2015 AACRAO Technology & Transfer Conference


Opening Plenary Presentation
Sunday, July 12, 3:30 p.m.-5:00 p.m.
Stacey Güney, Director – HLC ACCelerator, Austin Community College 


Panel Discussion
Monday, July 13, 11:30 a.m.-12:30 p.m.
Cam Houser, CEO, 3 Day Startup (3DS)
Andrew O’Hara, Founder and CEO, Chiron Health
Tyler Mandry, CEO, AskU
Mike Reilly, Executive Director, AACRAO [Moderator]


"What are Business Leaders Really Looking for in a College Graduate?"
The news is full of stories of businesses struggling to fill positions because they can’t find enough qualified graduates.  Business owners tell us new employees arrive with college degrees but lacking the skills they need to succeed.  Many businesses are providing their own training for their employees.  And did we mention they hate our transcripts? 

Austin, Texas is a hotbed of high-tech industries and creative start-ups.  Join us as we welcome a panel of Austin business leaders to discuss the state of education and work and explore how colleges and universities can work together to prepare the workforce of the 21st Century.

Tuesday, July 14, 10:30 a.m.-11:30 a.m.
Steven Mintz, Executive Director, Institute for Transformational Learning for the University of Texas System and Professor of History, The University of Texas at Austin

"Competency-Based Education 2.0"
For years, accreditors, employers and a host of educational reformers have sought an outcomes-oriented education with explicit learning objectives and rigorous assessments to evaluate and certify students’ knowledge and proficiencies. Convinced that grade inflation and a diluted liberal arts curriculum have eroded the value of a traditional college degree, a growing body of thought has come to favor an approach that emphasizes demonstrated mastery of essential competencies.  Why, then, has Competency-Based Education – an educational model that places a premium on learning outcomes rather than class time – evoked a great deal of ambivalence among many observers? The answer, is because Competency-Based Education lacks a commonly accepted definition.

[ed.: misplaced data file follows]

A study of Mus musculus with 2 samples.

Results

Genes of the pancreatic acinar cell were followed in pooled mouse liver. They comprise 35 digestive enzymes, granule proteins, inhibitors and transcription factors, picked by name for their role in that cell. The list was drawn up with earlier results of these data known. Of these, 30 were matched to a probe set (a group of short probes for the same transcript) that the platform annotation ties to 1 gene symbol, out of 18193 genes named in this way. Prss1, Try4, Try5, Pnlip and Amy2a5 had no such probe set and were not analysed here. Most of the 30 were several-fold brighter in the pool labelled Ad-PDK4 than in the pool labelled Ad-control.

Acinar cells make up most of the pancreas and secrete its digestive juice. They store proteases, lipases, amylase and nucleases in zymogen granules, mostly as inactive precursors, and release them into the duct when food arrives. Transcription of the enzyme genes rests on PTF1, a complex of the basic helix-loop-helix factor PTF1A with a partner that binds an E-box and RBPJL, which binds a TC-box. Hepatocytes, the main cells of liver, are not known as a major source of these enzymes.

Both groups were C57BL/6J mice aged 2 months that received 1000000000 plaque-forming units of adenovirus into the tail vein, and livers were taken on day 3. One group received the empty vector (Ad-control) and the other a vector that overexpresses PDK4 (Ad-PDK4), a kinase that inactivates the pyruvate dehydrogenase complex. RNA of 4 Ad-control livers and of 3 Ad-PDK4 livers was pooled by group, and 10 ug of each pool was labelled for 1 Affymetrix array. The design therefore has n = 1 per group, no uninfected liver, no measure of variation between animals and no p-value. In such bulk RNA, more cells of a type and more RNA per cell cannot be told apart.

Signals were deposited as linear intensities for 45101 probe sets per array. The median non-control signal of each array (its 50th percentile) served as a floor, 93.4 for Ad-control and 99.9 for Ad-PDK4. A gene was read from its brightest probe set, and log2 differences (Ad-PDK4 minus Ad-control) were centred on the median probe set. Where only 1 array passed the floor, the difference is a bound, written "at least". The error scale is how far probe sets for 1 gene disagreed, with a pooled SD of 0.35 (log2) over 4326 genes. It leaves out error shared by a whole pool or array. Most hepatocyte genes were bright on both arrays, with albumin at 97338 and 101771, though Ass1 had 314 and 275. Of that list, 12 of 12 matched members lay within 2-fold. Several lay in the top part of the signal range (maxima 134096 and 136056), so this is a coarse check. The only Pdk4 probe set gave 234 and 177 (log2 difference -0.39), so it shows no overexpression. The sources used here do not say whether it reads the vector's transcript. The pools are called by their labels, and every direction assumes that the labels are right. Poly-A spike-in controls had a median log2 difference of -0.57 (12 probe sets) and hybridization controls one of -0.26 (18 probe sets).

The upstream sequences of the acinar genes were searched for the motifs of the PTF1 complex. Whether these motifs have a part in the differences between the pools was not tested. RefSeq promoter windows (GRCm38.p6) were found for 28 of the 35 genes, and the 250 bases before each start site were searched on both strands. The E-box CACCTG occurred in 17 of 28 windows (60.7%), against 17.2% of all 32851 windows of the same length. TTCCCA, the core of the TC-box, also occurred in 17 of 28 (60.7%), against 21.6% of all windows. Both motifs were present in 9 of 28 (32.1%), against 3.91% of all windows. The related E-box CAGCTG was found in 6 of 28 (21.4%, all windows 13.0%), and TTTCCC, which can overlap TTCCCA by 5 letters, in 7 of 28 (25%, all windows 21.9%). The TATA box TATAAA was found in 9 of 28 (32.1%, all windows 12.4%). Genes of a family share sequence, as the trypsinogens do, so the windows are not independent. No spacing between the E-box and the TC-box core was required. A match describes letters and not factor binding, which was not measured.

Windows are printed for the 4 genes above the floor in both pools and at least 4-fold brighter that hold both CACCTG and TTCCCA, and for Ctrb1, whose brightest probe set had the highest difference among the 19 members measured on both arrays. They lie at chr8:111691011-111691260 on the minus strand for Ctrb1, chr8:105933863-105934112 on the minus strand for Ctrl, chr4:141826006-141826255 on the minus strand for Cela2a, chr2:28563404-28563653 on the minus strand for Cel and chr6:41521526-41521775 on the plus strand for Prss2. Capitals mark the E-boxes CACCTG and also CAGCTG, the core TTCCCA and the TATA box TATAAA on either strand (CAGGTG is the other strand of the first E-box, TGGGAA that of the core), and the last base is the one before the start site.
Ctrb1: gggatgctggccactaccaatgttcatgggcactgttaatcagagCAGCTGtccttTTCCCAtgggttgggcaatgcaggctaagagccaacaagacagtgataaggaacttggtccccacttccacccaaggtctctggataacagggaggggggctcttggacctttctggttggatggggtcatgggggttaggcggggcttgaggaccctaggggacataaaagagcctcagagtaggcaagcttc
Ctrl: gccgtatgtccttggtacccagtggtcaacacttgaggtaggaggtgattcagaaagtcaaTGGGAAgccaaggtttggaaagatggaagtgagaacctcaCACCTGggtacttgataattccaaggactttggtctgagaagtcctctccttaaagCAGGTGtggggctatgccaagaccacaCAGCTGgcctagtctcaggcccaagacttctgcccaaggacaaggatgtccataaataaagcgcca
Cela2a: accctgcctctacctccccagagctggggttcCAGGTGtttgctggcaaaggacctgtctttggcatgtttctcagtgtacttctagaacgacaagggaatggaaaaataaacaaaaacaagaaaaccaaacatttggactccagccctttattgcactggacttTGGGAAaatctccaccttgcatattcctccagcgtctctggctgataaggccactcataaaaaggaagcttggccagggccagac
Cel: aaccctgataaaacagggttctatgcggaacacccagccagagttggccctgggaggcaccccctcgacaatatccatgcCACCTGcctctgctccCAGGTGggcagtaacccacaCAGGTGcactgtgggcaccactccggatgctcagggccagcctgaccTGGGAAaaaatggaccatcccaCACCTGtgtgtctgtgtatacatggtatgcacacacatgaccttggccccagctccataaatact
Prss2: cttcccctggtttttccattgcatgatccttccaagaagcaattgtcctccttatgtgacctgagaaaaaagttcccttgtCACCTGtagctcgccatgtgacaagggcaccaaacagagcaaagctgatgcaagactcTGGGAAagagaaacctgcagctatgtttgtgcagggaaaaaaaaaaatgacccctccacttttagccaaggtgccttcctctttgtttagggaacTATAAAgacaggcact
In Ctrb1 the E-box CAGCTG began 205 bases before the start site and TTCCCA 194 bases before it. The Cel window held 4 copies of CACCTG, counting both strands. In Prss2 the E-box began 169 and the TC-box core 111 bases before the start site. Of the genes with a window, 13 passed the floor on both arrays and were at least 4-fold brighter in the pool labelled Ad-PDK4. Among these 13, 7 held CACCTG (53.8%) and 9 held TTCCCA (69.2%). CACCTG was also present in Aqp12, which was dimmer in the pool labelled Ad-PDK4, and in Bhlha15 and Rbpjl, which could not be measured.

The University of Texas System campuses are implementing an approach to Competency-Based Education that differs fundamentally from that offered elsewhere.  Rather than conflating competency-based education with any online approach that grants credit based on tests, papers, and projects rather than seat time, it focuses on CBE’s fundamental characteristics. 

For competency-based education to be truly effective, it is essential to move forward on multiple fronts.  We need high impact program designs that offer personalized learning pathways, a high degree of interactivity, state-of-the-art content, and powerful networking and collaborative experiences. We need 360-degree individualized student support, including instructional facilitators who can provide the mentoring that too few students currently receive. And we need new technologies to power next generation pedagogies and forms of education research previously impossible.  Competency-Based Education can produce unprecedented gains in access, affordability, and student success. The challenge is to do this right.